Thousands of armed Shiite Moslem militants and their fundamentalist supporters descended on the port city of Sidon today, tearing down the Lebanese flag and calling for the Islamization of Christian-led Lebanon and the overthrow of President Amin Gemayel.

Brandishing weapons and chanting slogans against Gemayel, a Christian, the demonstrators, who drove to Sidon in a convoy of 300 cars and buses, went on a rampage, smashing liquor stores and demanding the creation of an Iranian-style Islamic republic, according to reports from the city, 20 miles south of Beirut.

The demonstration, which ended when the militants returned to their Shiite sections of Beirut, came two days after Israeli forces left Sidon in the first stage of their withdrawal from Lebanon and a day after Sidon's residents gave Gemayel and other officials of the central government a jubilant welcome in their first visit to Sidon since the Israeli occupation began 2 1/2 years ago.

Troops of the Lebanese Army, who had moved into Sidon when the Israeli forces left, appeared powerless to stop the rampaging militants today and made little attempt to intervene.

While the militants demonstrated, the mainstream Shiite Moslem Amal militia held a separate rally more in tune with the expressed wishes of the city's Christian and Moslem leaders and the central government to prevent communal hostilities in the wake of the Israeli departure.

In a Shiite suburb of Beirut, a car-bomb explosion on a street near an office of Amal killed three people and injured about 40, police said, according to The Associated Press. There were no claims of responsibility and no indication whether the bomb was related to the demonstrations in Sidon.

The militant show of force by the Shiite fundamentalists in Sidon today and combative remarks on Saturday by Druze leader Walid Jumblatt suggested to some observers that despite the general mood of euphoria in Sidon over the weekend, worsening economic conditions in Lebanon could be exploited to undermine the Gemayel government. Jumblatt had called for the overthrow of Gemayel, whom he called "the shah of Lebanon."

It is not clear yet whether today's outbreak by the Shiites from Beirut will cause tensions among the communities in Sidon, where Moslem and Christian leaders had agreed in advance of the Israeli pullout to ban armed militiamen from the streets and to rely on the Lebanese Army for security. Sidon, Lebanon's third-largest city, has about 70,000 Sunni Moslems, 20,000 Shiite Moslems and 10,000 Christians.

The gunmen who swarmed into Sidon said they were members of Hezbollah, or the "Party of God," one of the most militant of the Shiite fundamentalist factions that have formed in Lebanon since the Iranian revolution.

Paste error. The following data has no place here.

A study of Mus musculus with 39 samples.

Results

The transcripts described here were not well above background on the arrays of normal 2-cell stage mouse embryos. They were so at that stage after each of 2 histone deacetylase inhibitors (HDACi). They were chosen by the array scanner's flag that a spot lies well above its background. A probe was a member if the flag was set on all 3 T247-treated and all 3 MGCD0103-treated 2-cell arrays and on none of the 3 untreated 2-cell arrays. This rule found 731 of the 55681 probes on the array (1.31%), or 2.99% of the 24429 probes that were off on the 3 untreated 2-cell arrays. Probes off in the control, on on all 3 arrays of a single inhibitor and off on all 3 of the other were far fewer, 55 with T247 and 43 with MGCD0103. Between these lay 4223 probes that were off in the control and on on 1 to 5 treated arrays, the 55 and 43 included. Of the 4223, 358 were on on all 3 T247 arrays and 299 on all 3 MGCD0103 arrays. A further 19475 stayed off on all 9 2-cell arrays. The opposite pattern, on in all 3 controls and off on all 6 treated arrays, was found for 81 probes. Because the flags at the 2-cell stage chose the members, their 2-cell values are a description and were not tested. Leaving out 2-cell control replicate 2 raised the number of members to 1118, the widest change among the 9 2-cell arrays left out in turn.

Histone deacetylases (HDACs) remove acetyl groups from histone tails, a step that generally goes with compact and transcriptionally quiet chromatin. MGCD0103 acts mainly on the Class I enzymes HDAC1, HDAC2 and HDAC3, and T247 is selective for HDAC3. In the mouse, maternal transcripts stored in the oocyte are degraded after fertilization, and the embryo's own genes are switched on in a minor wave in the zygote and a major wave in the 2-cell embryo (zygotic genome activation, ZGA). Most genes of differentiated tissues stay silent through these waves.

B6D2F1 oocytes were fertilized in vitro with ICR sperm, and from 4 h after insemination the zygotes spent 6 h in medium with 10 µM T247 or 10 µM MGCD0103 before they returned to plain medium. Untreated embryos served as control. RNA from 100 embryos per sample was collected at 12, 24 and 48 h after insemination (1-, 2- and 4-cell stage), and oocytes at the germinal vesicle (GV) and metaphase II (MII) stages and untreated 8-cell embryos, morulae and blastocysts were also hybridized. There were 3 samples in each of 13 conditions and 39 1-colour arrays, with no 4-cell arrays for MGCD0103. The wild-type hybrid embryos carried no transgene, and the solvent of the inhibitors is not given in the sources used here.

They honked their horns and chanted, "God is great -- We want a Moslem city and an Islamic republic," in a frenzied two-hour demonstration.

Lebanese Army soldiers who had marched triumphantly into Sidon and all the way south to the Litani River, Israel's new defense line, made no attempt to stop the demonstration.

At one point, demonstrators ripped down one of the many Lebanese national flags that have adorned Sidon for the past two days. A Lebanese soldier tried to hoist it again, but a defiant demonstrator pulled it down again.

The posters ridiculed Gemayel's visit to Sidon and the Army, which also had received a warm welcome here yesterday.

"Where was the Army when the Israelis were here?" one placard asked. The militants carried pictures of Iranian leader Ayatollah Ruhollah Khomeini and prominent Lebanese Shiite clerics.

Hezbollah yesterday announced its intention to seek Islamic fundamentalist rule in Lebanon.

"We do not hide our commitment to Islamic rule and we call on all the people to chase this regime," it said. It pledged that Hezbollah would fight "abomination to its roots" -- a presumed reference to Gemayel's administration.

In contrast, the separate Shiite Amal demonstration welcomed the end of Israeli occupation and praised the National Resistance movement for guerrilla fighting against the Israeli occupation forces, as the city's Christian and Moslem leaders and Gemayel had done yesterday.

The resistance movement, begun by leftists, had assumed a largely Shiite character in the last few months as operations against Israeli soldiers and their Lebanese allies were stepped up.

Amal leader Nabih Berri has said he fully backs the resistance movement. But Amal also supports a continued multireligious Lebanese state. The Amal demonstration today pressed nationalist, not Islamic, slogans and Amal officials privately criticized the Hezbollah outbreak.